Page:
The Embedding Repositories event took place yesterday at the University of Lincoln. Fears of snow and /or flooding were greater exaggerated, and most people who had booked for the event were able to make it. We were looked after very well by Julian Beckton and the staff at Lincoln, and enjoyed copious cups of tea and coffee as well as a lovely lunch, all of which fueled much networking and debate.
The broad theme of the day was for people to look at, think about and discuss where else the institutional repository might go, once it has been built and starts to amass deposits. Our speakers gave an excellent mix of case studies, ideas and techniques for building and developing the IR. All the presentations are now available on the event wiki. Gareth Johnson the IR manager at the University of Leicester, has blogged about the individual sessions.
Working in the repositories field, I am always delighted by how colleagues make the most of any chance to be together and exchange ideas and experiences. Yesterday was no exception, and the event soon had a life of it's own taking the basic framework of the programme into several interesting areas and making the topics live.
The first theme to emerge was that of librarians and developers working as a team, and how effective this can be. Julian Beckton at the University of Lincoln and Sally Rumsey at Oxford University had both worked with technical colleagues to customise their repositories. For their projects, this had clearly been a fruitful partnership. But others who hadn't got access to dedicated technical staff highlighted how difficult it can be when you are expected to have technical abilities on top of all the other requirements of an IR manager. The interest that JISC has in developing technical ideas with the HE community (see this week's "Developer Happiness Days" event in London) was seen as a positive thing and teamwork as the way forward.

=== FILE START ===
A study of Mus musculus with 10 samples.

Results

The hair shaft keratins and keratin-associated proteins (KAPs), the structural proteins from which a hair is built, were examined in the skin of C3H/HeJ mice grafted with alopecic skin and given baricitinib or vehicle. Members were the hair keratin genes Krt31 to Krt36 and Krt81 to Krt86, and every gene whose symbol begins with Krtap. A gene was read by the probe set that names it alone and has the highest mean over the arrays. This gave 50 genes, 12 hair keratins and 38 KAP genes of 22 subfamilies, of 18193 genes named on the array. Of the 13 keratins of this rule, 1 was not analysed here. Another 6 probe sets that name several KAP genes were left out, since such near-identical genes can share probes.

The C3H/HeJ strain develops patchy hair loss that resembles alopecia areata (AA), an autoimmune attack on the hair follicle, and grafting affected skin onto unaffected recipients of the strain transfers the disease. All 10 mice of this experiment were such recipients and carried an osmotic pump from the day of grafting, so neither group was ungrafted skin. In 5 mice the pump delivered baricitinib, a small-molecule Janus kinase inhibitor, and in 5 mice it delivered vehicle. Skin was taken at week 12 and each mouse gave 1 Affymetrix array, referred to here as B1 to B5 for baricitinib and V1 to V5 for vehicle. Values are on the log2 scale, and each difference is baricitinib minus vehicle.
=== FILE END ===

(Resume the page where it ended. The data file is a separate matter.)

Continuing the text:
The second theme was related to this, but took people off in another direction asking what exactly the IR needed to develop to meet the new demands of the HE community. Was the front end, the end-user interface, really that important? Or should we be focussing on building robust systems that are concentrating on storage and output, making the IR as flexible as possible and leaving the interface for the end users to someone else. Ideas such as making the output of the IR available in Pageflakes, as applications in Facebook - basically creating many 'hooks' to link into whatever end users wanted to use. There were no clear answers, but much fuel for thought here.
Finally, the burning question for everyone was... the REF. Everyone wanted a much clearer idea of what the REF would require, what it would involve and how it might affect their work. Despite the feeling that it is something of a black box at the moment, people are hopeful that it will be a positive challenge for the IR, giving it a higher profile and further embedding it into the individual institutions.
Lucy Keating from Newcastle University asked a question in her presentation that summed up the starting point for many discussions - "Do deposits go into your repository to die... or to be reborn?" By the end of the day, I was feeling rather evangelical about where the UK IR managers might be taking their repository content. They certainly don't see their repositories as a graveyard for deposits. Despite the cold and the dire weather threats and the early start (!) I felt quite energised - reborn in fact!
The event wiki is now open for discussion, please feel free to join us.